When I took off to the hills last Friday for a relaxing night out of the city, I hadn’t imagined that my stay would be extended due to a 7.9 earthquake that would hit Nepal. But, while luckily enjoying a drink in an open field, when suddenly a deep rumbling came from the earth below and the tin roofs began to dance, I quickly realized this was not the weekend getaway I had expected.
My boyfriend Ben, who is a student here at Rangjung Yeshe Institute (at Ka-nying Shedrub Ling monastery, Kathmandu), and I had driven out to Dollu, a small village near Pharping, the night before the earthquake for what was intended to be a one night vacation. Instead, we stayed four nights in a small garden with several other families and tourists. During the first quake, most people were fortunately in the fields working. People froze where they were for the several minute duration and, immediately after, rushed from the fields to save their dogs and livestock from crumbling buildings. From the hills we saw poofs of smoke arising from the valley where buildings were falling and the sound of falling rocks or landslides nearby was overwhelming. For hours, we all stayed, half frozen, in a large field. The entire village gathered in a few different spots as we endured the aftershocks- thinking that it was merely a matter of waiting them out before everything could begin to go back to normal. Some people were laughing off the fear, screaming “Ayoooo” every time we felt a rumble but as the village quickly realized the damage that was done and the relentlessness of the aftershocks, a far greater solemnity came over the town.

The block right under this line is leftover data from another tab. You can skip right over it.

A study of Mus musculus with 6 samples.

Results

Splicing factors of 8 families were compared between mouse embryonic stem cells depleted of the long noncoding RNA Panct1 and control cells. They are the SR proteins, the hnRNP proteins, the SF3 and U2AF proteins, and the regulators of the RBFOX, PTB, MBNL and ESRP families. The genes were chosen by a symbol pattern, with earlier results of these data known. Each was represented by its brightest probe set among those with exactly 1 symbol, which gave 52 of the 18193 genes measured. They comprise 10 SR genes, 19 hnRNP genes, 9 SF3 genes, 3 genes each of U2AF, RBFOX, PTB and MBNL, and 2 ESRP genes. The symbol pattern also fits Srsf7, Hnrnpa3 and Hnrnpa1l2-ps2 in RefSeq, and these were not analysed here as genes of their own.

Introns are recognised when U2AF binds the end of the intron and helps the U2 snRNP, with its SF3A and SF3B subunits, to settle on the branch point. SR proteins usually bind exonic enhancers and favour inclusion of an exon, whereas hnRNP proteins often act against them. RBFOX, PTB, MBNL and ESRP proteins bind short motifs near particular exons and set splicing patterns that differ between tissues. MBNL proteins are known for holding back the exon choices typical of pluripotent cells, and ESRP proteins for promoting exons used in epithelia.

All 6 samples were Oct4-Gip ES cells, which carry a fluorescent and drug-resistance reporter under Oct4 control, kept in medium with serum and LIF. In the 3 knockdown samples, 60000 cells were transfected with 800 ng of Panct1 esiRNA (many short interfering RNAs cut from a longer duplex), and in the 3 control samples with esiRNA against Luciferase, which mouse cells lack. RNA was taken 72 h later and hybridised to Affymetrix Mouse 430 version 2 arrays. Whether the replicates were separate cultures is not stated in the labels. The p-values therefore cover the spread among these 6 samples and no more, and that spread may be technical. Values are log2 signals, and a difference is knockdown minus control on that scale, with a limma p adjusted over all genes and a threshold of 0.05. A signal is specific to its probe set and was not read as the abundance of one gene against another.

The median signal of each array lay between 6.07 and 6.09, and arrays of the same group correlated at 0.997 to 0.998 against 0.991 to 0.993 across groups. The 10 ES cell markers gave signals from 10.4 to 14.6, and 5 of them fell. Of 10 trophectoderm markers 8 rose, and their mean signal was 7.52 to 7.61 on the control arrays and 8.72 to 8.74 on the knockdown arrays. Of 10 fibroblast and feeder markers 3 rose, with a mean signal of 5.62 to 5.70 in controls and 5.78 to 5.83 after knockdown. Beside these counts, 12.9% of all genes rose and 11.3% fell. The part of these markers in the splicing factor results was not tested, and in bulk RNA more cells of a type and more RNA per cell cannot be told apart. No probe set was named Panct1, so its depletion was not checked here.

Having remained in the fields all afternoon, people gradually began to collect blankets and warmer clothing from their damaged homes. All the people collected together under tarps for what would hopefully be only one night but the following morning, the booming aftershocks continued, people’s nerves were tenser than ever, and the damage done was beginning to become a reality.
Ben and I were lucky enough to find shelter inside a small garden restaurant and from within the fences of this small oasis, everything seemed fine. Upon walking through the village, however, we found people suffering much greater devastation than ourselves. Many houses had collapsed, some entirely crumbling to the ground and others showing massively dangerous cracks. During the course of the few days we remained in Dollu, people eventually started emerging from the hills asking for food or cooking supplies. We began to worry about the imminent shortages of electricity, water, food, and first aid. Without internet or cell phone service, it was nearly impossibly to know the extent of the damage the earthquake had caused but these wanderers certainly began to enlighten us of the even more desperate situations in the surrounding hills.
Once the aftershocks began to spread themselves out a bit, we finally worked up the courage to wander outside town a small ways. Heading to the main road that goes through Pharping, we were shocked to see countless jeeps and trucks overflowing with Indian nationals heading towards the border. We encountered a group of ten men walking on the road who told us they were walking to the border. This reality that so many were fleeing the valley confirmed the fear that the earthquake had wrecked havoc far and wide.
I am now back home in Bouddha and sitting in the makeshift, pop-up office of The Chokgyur Lingpa Foundation. Many people from the community, including monks, nuns, foreigners, and locals have come together here to send aid of all kinds to such villages as Dollu, Pharping, and the surrounding areas. Dollu may only be an hour’s drive from Kathmandu but during an emergency crisis, there is no accurate way to describe just how remote these areas feel during a crisis situation. Here in Kathmandu we are well aware of the lack of resources that are available even on the normal day and the difficulties of reaching any place outside of the valley, but now the situation has amplified to an indescribable extent. Thanks to organizations such as the Chokgyur Lingpa Foundation and the loving work of many people both in and out of Nepal, we stand a better chance at bringing aid to the hills before it is too late.